Brazil’s Minister of Development, Industry and Foreign Trade, Luiz Fernando Furlan, criticized news from the US that the United States is considering putting and end to old trade preferences granted Brazil and another 12 developing countries.
"Unilateral measures are always a bad option between two countries," said Furlan, adding: "In the meeting that we had with secretary Gutierrez (Carlos Gutierrez, the US Trade Secretary) about two months ago, we created a group to facilitate trade. Unilateral measures are going to jeopardize companies that operate in both countries creating a climate not conducive to the evolution of bilateral relations"
In 2005, the US imported US$ 26.7 billion in products from 133 developing countries under the so-called Generalized System of Preferences (GSP) maintained by the American government. That’s the first time in 20 years that the preferences system is being reviewed.
Created in 1974 the program favors products originating in poorer countries. About 20% of all products exported to the United States by Brazil benefit from the preferences system.
In the past the American government has already threatened to deny Brazil preferential treatment as punishment for a country that has maintained a years-long feud with the United States in trade matters.
In one of the most notorious cases Brazil has complained to the WTO (World Trade Organization) against US cotton subsidies and won, forcing the Bush administration to change its policy.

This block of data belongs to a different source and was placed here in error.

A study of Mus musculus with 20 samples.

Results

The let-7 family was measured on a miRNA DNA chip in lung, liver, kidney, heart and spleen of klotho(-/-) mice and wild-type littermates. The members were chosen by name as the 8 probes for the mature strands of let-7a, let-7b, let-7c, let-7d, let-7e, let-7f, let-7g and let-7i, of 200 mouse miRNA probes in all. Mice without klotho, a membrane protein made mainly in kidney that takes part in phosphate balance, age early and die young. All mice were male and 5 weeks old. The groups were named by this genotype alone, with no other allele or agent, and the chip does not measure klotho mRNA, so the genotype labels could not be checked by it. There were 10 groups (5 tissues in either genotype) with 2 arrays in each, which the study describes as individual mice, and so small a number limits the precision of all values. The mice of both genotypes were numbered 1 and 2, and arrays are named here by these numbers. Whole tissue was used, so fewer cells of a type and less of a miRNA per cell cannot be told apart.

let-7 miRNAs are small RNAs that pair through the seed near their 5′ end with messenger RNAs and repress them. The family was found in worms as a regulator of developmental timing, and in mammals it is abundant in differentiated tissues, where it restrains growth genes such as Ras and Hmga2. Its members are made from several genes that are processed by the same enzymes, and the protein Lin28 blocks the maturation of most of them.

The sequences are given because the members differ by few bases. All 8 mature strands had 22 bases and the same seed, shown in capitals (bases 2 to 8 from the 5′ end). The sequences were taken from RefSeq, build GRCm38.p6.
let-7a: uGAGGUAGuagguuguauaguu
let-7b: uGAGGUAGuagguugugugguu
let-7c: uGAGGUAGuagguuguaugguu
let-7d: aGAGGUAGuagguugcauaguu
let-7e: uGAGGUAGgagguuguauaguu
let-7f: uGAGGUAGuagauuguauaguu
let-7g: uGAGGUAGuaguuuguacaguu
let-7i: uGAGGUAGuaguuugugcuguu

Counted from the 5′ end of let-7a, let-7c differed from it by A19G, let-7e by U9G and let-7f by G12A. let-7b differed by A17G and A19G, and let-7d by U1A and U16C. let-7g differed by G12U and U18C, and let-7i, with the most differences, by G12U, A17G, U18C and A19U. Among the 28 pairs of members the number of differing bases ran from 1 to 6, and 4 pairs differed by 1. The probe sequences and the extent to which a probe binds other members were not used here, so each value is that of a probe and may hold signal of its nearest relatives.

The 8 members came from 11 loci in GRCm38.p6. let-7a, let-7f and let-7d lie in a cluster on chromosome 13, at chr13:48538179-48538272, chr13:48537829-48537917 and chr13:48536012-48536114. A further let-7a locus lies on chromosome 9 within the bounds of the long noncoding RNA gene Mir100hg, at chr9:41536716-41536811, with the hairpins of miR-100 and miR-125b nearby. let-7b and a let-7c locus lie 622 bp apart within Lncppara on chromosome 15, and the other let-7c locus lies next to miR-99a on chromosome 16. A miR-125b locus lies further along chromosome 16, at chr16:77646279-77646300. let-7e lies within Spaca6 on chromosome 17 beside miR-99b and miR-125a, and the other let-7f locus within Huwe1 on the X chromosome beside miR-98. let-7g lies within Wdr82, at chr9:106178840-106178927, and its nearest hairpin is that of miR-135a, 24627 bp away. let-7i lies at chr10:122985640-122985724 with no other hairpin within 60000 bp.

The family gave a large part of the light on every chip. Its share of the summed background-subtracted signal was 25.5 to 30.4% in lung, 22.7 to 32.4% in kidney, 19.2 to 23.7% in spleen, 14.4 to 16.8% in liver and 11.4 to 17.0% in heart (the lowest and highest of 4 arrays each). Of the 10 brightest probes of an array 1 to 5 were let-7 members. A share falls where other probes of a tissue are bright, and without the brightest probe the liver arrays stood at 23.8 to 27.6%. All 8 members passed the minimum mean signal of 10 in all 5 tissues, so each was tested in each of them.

Since the Doha round collapse Brazil has hinted that it might once again appeal to the WTO so it may retaliate against the United States imposing billions of dollars in trade sanctions.
According to the USTR (United States Trade Representative) the Bush administration is studying if it "restrains, suspends or cancels" the eligibility of 13 countries that in 2005 either shipped more than US$ 100 million in products to the US under the preferences program or represented more than 0,25% of the world exports.
Besides Brazil, the other 12 countries threatened to be deprived of their preferential status are: Argentina, Croatia, India, Indonesia, Kazakhstan, Philippines, Romania, Russia, Southern Africa, Thailand, Turkey and Venezuela.
American senator Chuck Grassley said recently that he would support taking Brazil and India from the GSP list due to their less than constructive behavior "Why should we continue to give them preferential treatment?" Grassley asked. "India, Brazil and other developing nations don’t want to give us access to their markets in the World Trade Organization negotiations," he said.